Code 2304
£0.00
£33.99
RRP £44.99
£0.00
£33.99
RRP £44.99


    Featuring a 365nma UV light to kill germs and bacteria and a digital temperature sensor for carefully controlled drying.


    • Sterilises in 30 minutes using 365nma UV light with safety cut-off
    • 3 hour and 6 hour ‘deep action’ dry modes
    • USB powered with one button operation
    • Compact and portable
    • Helps to extend the lifespan of your hearing aid

Discover more about our Sterilising Hearing Aid Dryer

  • How Do We Hear?


    As the fluid in the cochlea moves, 25,000 nerve endings are set in motion transforming the vibrations into electrical impulses for our brain to interpret.


    Mild hearing loss exists when an individual struggles to hear sounds in the 30 to 40 decibel range, with moderate hearing loss affecting sounds in the 50 to 70 decibel range.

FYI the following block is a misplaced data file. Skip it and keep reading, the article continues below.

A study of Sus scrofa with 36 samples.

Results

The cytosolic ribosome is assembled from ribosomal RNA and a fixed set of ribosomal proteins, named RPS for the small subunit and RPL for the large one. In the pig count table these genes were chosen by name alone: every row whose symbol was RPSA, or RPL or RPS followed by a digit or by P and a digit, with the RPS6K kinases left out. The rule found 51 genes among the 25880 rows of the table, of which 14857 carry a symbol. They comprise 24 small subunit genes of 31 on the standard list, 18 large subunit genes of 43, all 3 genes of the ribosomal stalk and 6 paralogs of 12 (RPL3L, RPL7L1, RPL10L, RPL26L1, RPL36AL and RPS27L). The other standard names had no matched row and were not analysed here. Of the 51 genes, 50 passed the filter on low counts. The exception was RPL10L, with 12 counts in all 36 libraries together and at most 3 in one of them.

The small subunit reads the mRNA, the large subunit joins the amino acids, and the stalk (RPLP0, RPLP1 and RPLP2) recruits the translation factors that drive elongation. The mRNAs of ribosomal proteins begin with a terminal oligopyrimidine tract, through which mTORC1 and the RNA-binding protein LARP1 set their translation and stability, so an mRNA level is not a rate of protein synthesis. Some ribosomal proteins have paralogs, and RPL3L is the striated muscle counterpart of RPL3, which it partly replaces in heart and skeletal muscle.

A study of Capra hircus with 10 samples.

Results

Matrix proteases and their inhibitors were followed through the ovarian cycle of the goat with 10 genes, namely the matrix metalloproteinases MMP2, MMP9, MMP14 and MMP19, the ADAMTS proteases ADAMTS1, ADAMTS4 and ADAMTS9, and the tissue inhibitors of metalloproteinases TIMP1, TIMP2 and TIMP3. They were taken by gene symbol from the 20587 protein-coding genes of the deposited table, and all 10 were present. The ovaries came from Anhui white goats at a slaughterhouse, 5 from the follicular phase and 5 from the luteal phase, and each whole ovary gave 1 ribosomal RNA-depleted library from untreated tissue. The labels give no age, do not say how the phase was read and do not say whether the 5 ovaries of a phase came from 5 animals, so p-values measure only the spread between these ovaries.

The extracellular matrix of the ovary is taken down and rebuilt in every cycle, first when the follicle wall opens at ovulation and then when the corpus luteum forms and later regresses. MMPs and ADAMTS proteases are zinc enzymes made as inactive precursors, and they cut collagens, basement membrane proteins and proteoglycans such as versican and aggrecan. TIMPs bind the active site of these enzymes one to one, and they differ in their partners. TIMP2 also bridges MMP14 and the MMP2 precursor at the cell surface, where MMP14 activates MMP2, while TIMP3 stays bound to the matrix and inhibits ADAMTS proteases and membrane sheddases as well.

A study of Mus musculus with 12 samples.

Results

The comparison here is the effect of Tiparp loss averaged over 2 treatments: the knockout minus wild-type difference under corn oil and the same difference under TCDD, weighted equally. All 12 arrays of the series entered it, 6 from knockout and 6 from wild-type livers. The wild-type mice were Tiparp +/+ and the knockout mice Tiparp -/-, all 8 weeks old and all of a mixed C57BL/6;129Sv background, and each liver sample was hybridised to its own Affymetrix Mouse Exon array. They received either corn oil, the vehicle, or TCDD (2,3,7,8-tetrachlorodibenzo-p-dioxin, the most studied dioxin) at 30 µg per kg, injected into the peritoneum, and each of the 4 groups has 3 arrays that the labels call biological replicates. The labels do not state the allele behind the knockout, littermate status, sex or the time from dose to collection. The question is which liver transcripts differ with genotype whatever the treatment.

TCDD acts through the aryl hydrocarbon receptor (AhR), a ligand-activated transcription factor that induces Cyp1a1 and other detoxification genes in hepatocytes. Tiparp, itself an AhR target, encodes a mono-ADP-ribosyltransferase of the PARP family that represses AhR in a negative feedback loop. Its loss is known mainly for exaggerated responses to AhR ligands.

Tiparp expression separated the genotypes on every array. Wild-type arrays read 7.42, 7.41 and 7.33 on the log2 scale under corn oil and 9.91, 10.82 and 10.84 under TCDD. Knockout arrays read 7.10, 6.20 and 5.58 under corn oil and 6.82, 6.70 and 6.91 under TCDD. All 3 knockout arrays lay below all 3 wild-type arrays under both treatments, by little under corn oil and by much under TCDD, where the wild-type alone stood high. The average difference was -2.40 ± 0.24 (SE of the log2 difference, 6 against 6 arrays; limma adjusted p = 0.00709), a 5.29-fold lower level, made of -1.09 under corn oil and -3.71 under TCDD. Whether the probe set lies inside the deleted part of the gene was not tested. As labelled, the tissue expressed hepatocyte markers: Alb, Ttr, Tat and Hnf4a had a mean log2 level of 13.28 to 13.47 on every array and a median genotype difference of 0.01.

People typically miss high frequency sounds more often than low frequency sounds when they first develop hearing loss.

  • Presbycusis: Age Related Hearing Loss

    One in three people over 65 have hearing loss, although they may not be aware of it at first due to the gradual change. This loss typically affects high-frequency noises first, such as a ringing phone or alarm tone.

    The most common symptoms of age-related hearing loss include:

    • High-pitches sounds, such as 's' or 'th' become hard to distinguish.
    • Conversations are hard to follow, particularly when there is background noise.
    • Other people's speech can seem mumbled or slurred, with men's voices easier to understand than women's.
    • The onset of Tinnitus in one or both ears (ringing in the ears).